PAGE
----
Facebook has been in the crosshairs of critics for quite a while, and the news this week of a Trump-connected behavior-modification firm getting its hands on private details of fifty million users hasn’t helped. Mark Zuckerberg and his team have a lot to answer for, including how Facebook was used by Russian organizations to manipulate public opinion before — and after — the 2016 election. Aside from the political outcries, there is probably some shareholder scrutiny for the company to endure.

I’m not what you’d call a power user of Facebook, but I’ve noticed other problems with the service.

In the last few months, I’ve received more Friend Requests than ever, and many of them are obviously bogus. FB seemingly makes no effort to verify that its accounts belong to real people (or companies), which is why you should always dismiss its claims to have two billion users, or whatever the latest number is. I have no objection to it counting product marketing accounts, like those for Oreo, or Lowe’s, or Greetabl. The problem comes in when the accounts some Friend Requests come from are clearly not what or who they purport to be.

I know a middle-aged guy who is single, good-looking, and dates younger women. His Facebook friends list is littered with dozens of very attractive females. I was impressed that he knew them, even casually — until I started getting Friend Requests from many of them, too. There’s always a photo or two of a woman, always showing cleavage, often in a bikini or other skimpy wear. Sometimes her picture is accompanied by a photo of an iconic place like the Taj Mahal (she’s never in the picture, of course). I’ve even gotten Friend Requests from different accounts that had a picture of the same young woman! That’s because these aren’t real Facebook account holders. The photos come from free stock image companies — their credits are in the file tags of the photos.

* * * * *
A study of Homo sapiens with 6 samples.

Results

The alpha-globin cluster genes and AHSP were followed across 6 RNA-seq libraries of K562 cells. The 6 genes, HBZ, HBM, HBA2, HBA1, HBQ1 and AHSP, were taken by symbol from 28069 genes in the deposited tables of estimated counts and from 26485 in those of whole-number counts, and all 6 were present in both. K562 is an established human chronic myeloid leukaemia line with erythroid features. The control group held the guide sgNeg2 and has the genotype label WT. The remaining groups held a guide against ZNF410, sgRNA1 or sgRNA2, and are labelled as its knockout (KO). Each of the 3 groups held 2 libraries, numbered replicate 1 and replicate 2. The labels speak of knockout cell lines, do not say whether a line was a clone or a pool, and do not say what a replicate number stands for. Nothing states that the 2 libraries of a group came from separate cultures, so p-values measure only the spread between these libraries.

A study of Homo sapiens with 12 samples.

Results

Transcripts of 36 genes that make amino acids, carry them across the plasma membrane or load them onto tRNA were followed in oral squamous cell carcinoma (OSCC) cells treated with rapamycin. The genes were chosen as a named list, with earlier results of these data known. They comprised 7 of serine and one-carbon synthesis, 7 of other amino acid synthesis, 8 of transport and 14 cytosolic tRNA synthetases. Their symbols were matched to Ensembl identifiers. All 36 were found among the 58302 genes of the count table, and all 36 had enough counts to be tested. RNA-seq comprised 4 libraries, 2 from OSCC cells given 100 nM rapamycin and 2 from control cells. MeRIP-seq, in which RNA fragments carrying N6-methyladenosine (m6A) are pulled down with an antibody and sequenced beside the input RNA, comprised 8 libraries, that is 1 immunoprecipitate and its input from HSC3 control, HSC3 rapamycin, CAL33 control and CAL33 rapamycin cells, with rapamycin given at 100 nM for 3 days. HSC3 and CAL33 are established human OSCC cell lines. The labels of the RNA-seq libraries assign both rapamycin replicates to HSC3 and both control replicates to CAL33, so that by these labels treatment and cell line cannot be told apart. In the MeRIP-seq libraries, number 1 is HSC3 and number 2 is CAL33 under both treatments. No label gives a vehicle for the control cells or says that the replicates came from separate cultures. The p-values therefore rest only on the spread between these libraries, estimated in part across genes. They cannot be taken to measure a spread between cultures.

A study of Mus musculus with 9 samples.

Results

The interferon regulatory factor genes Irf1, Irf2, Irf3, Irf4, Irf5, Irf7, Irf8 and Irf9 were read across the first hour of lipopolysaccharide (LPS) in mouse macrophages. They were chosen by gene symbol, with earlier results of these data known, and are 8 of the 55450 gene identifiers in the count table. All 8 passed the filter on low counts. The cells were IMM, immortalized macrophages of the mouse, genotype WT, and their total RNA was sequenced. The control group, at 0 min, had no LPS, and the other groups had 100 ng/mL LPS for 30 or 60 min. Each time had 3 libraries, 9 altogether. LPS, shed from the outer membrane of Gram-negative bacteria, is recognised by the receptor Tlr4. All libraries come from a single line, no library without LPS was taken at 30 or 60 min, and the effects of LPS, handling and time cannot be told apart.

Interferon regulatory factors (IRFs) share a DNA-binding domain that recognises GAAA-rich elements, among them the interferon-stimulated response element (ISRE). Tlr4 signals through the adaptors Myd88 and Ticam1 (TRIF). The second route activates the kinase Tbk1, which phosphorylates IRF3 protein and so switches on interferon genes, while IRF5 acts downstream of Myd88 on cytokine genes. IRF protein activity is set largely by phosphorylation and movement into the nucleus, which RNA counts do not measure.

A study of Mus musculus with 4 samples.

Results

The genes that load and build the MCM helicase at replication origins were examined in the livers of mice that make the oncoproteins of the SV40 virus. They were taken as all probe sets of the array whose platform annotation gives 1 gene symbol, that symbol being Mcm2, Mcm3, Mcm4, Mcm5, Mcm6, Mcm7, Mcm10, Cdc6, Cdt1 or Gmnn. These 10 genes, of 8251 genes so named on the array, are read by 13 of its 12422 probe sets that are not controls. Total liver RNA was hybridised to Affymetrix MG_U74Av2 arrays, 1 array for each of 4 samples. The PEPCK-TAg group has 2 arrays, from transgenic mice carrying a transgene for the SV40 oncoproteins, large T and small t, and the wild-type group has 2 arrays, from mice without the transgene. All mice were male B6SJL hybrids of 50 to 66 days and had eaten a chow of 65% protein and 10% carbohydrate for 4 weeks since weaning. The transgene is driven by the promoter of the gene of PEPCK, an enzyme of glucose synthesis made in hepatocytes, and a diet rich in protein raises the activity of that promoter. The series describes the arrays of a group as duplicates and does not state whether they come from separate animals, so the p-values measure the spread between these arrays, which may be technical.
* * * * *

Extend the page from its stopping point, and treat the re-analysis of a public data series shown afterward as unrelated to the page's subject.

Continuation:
In each instance, her “friends” are all male, and there is no information about the woman — no hometown, no occupation, no job — or if there is, it’s always from someplace I’ve never heard of that likely doesn’t exist. Sometimes, the woman’s name also has a man’s name under it, or a different woman’s name in parentheses. No real human does that.

It’s nearly impossible for this person-likely-to-be-a-bot to have any interest in me, so I always deny the request and report it to FB as spam. Even if I accidentally accept their Friend Request, I’ll never see anything they post, because I don’t follow them (or pretty much anyone, except close friends I know in real life). But that doesn’t stop them from coming, every single day.

The other bot problem I’ve encountered is the automatic posting of comments that lead you to spam sites. For instance, last week, I casually mentioned the movie “Black Panther.” As soon as I hit the Post button — and I mean immediately! — there were comments from bots offering links to sites where you can illegally download or watch the movie for free. I didn’t click on any of them, but tried deleting several, only to have new ones pop up instantly, like a game of Whack-A-Bot.

Facebook got its original boost from college students and other young people freely posting about their lives online. It was a brilliant idea that inverted the idea of using websites to gather information. Instead, Facebook users are the ones providing the content, which the site then re-purposes to its other users, whose data it gathers and sells to third-parties including advertisers.

That’s all well and good, but in doing so, Facebook should have taken more responsibility for monitoring who was using its resources, and how. And don’t hand me the excuse that it can’t possibly manage the content and usage habits of hundreds of millions of accounts. That’s the whole Facebook business model.

Oh, and the younger demos that kick-started Facebook’s early success? They’re long gone, ceding the site to their parents’ and grandparents’ generations. Millennials have moved on to Instagram and Snapchat (though the latter has lost a lot of luster after Rihanna and Kylie Jenner, both major influencers, dissed it publicly and suggested their followers stop using the app entirely)

Facebook is going to have to get control of how its vast reach is being abused, and soon. I can’t be the only Facebook user who runs into these problems, and yet the company doesn’t seem to be making any effort to deal with the persistent infestation of bots. Or if it is trying, it is failing miserably.